As a nurse, I get questions from friends and family about symptoms all the time. A friend might call me to say, “Can you have flu without a fever? Because I feel like I might have the flu, but my temperature is normal.”
Sometimes they’re surprised when I tell them, yes, you can have the flu without having a fever.
Every human body is unique in how it responds to illness, and viruses can behave differently inside every individual body. That’s why, when we talk about the symptoms of an illness, we generally describe a broad range of potential symptoms a person could have. For example, the list of possible symptoms of influenza includes:
- Sore throat
- Runny nose
- Muscle aches
But not every person who comes down with the flu will have every single symptom on that list. If you have a mild case of flu, for instance, your body may never generate a fever to fight the virus. Or you might develop a wicked cough but never have a headache because the influenza virus became more active in your lungs than in your sinuses.
If you come down with a flu-like illness, call your doctor’s office for guidance about what to do. Influenza and COVID-19 share many common symptoms (including fever and cough), so you should not self-diagnose. Do not assume you have the flu and not COVID-19 -- or vice versa. Instead, call your doctor to find out if you should get a flu test, a COVID-19 test, or something else (because a great many viruses can cause flu-like symptoms).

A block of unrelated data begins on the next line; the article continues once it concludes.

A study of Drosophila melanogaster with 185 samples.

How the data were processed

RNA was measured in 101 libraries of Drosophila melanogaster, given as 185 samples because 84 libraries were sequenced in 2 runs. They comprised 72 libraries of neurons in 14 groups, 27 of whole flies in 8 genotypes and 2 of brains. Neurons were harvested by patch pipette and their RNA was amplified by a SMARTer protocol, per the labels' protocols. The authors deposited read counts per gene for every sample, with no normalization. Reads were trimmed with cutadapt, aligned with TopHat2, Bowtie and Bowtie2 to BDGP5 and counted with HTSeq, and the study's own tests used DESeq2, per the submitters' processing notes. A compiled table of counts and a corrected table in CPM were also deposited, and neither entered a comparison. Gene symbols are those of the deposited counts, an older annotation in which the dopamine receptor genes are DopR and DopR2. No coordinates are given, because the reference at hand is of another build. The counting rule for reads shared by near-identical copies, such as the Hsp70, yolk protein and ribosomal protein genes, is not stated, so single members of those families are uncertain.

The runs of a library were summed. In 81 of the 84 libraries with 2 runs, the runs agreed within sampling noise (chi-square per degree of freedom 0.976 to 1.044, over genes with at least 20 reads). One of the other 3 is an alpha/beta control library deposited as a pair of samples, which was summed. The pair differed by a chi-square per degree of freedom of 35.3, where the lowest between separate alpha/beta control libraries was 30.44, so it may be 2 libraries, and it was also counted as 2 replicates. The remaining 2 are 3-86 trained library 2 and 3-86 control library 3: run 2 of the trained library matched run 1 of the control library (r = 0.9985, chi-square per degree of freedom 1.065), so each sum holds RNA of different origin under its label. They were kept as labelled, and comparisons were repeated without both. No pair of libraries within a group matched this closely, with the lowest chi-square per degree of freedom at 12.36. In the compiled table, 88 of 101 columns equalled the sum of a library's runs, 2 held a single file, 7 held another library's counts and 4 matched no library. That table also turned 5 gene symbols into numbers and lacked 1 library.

And be sure to isolate yourself from family members and the public. Both influenza and COVID-19 are contagious, and you need to avoid spreading whatever illness you have to other people. Wear a mask (even at home), keep physically distant, and wash your hands frequently.
Also, rest and drink plenty of fluids to help you feel better -- fever or not.